Lockdown incoming for Boxing Day – 2.38 hospitalized patients with Covid per hospital in Ontario

Not surprising – 680 News has confirmed that Ontario will be entering “Grey level lockdown” on Boxing Day and not Christmas Eve as was previously reported. Diverge Media has been expecting a lockdown for a couple of months now and has talked about it numerous times in broadcasts.

We weren’t caught off-guard here at Diverge – and likely many of our viewers weren’t either. The government’s posture has been one that has indicated this decision was coming for some time now. Ford has been announcing increases in cases and saying that “everything is on the table.” Many predicted another eventual lockdown right before or around the Christmas season based on their gut feelings.

The reason for this thought process is fairly simple – Flu/Covid season will have begun again around this time and we knew we would see an increase in cases. Given that our government’s focus continues to be on cases and not ICU or Hospitalizations it seemed evident to those thinking about the matter that this would be an inevitability.

Currently, there are 915 hospitalized in Ontario with Covid. There are roughly 384 hospitals in Ontario. This means that per hospital (numbers vary at each hospital) there are an estimated 2.38 patients in Ontario with Covid per hospital – where’s this number in the media reports? In addition, Ontario has long struggled with having enough hospital beds. Ford even ran on ending hallway medicine – something that has been a major problem in Ontario for some time, and it’s not improving.

https://covid-19.ontario.ca/data

Hospital beds per 1000

According to the Ontario Health Coalition, Ontario ranks the worst out of all provinces for hospital beds per 1000 people. This is a major problem considering Ontario has the largest population of all provinces in Canada at 14,773,299. The problem has continued under Premier Ford. Currently, Ontario has just 2.2 hospital beds per 1000 people. For the province with the biggest population in all of Canada – this is more than problematic. I say all of this to say, the problem of highly occupied hospitals isn’t new to Covid – it’s been like this for a long time.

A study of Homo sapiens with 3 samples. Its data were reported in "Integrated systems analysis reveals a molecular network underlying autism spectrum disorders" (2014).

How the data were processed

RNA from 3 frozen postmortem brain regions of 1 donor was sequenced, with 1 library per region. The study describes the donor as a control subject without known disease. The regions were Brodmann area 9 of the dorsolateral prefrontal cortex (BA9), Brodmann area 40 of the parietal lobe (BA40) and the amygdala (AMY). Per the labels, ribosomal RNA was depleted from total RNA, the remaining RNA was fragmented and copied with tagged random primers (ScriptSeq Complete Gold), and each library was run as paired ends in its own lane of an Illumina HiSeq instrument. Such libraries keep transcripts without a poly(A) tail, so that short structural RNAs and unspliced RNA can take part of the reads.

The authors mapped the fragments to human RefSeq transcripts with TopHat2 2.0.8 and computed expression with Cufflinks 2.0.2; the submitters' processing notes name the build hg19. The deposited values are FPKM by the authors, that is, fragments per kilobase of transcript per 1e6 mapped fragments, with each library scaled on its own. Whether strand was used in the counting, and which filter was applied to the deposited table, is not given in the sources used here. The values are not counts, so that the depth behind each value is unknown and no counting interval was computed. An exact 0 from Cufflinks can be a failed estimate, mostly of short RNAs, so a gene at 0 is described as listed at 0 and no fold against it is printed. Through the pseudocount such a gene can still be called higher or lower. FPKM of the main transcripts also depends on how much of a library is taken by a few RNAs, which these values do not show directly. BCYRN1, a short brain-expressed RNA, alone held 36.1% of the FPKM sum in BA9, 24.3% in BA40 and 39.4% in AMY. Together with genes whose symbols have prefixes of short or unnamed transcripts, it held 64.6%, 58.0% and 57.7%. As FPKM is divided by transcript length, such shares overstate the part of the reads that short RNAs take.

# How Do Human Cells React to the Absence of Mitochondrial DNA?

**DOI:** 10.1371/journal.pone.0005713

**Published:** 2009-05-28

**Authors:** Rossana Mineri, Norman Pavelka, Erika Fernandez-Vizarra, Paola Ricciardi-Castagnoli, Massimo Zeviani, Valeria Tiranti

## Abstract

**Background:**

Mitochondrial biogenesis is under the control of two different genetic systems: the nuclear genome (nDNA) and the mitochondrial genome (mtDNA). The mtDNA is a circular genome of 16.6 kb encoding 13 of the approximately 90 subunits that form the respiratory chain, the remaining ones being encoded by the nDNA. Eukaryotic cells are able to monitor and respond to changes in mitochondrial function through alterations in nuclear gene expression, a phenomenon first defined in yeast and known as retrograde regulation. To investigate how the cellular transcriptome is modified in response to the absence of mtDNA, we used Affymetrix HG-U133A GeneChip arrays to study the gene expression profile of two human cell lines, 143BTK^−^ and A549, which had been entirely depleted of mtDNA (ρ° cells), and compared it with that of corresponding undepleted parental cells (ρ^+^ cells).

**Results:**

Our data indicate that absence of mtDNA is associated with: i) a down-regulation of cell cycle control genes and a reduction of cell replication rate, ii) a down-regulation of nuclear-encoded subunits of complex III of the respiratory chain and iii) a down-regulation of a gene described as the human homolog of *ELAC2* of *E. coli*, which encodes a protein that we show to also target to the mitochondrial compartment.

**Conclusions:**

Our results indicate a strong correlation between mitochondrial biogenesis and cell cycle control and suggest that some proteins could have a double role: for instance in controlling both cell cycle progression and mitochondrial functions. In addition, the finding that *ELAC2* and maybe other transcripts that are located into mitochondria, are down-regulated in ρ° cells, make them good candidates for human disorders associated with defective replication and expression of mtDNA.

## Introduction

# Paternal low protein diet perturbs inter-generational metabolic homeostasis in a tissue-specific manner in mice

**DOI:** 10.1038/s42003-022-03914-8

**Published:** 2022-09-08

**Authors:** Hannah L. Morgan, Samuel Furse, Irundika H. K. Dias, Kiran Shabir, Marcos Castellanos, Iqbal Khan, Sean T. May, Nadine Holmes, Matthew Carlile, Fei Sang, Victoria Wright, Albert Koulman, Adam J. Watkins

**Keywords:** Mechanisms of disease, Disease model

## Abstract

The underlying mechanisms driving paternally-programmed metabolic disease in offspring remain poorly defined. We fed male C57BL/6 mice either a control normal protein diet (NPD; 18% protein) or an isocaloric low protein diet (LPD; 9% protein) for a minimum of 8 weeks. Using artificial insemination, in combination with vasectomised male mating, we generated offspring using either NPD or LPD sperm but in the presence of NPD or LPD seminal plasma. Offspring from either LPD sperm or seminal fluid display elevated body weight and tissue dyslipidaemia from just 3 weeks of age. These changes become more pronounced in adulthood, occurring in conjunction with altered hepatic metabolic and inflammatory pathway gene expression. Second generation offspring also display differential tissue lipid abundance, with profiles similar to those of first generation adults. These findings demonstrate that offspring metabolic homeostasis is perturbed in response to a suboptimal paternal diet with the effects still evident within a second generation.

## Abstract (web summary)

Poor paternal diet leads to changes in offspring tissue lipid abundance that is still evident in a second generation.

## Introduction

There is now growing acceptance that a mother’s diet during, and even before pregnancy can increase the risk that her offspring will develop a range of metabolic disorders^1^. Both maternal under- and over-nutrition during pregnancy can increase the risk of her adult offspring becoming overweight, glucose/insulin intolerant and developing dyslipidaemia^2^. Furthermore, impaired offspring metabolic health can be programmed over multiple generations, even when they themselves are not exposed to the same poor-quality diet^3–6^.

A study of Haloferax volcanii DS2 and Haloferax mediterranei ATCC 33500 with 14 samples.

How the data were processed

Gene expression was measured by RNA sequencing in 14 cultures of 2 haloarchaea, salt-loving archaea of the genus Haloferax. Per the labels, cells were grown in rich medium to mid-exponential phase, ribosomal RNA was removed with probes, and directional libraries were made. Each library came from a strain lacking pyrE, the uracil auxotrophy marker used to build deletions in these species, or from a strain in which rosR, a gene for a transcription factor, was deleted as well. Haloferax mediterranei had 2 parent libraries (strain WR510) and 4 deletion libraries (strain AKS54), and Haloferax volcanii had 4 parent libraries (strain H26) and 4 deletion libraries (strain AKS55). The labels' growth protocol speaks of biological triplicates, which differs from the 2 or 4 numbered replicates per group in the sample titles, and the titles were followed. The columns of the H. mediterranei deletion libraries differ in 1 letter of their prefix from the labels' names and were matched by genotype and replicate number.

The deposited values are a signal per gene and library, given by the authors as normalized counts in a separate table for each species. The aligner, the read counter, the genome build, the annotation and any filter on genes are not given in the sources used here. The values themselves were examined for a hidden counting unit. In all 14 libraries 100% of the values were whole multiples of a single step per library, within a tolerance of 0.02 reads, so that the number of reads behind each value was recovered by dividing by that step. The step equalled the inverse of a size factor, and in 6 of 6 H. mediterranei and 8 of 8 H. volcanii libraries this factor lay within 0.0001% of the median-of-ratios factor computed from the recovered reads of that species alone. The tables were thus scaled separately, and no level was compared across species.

Canada ranks near bottom of Universal Health Care Countries on wait times, hospital beds

According to a Fraser Institute report from 2019, Canada ranks 26th out of 27 for hospital beds per 1000 people. It also ranks 26th out of 27 for Doctors per thousand people. This is despite the fact that Canada’s health care spending as a percentage of GDP ranks 2nd among Universal health care nations included in the study.

This points to the fact that we have a healthcare management problem – not an underfunded healthcare system. This is all antidotal on the Covid numbers but is important to keep in your mind when the government talks about our healthcare system being “over-run” because of Covid. Our healthcare system was in bad shape before any of this ever took place and the numbers have long shown this.

As we pointed out in a previous article, lockdowns have done little to stop the spread of Covid and neither has the mask mandate – so why are we doing it again. Why not protect the most vulnerable? Still, the largest issue Canada has to deal with is Long term care facilities – and we’re still fairing poorly in that metric.

Published by Greg Staley

Greg Staley is a husband, and a father to 3 beautiful girls. He is a concerned citizen who is closely watching his government's actions through critical thinking, and assessment of all qualified and relevant data. He believes in going to the Primary sources of data at all times if possible.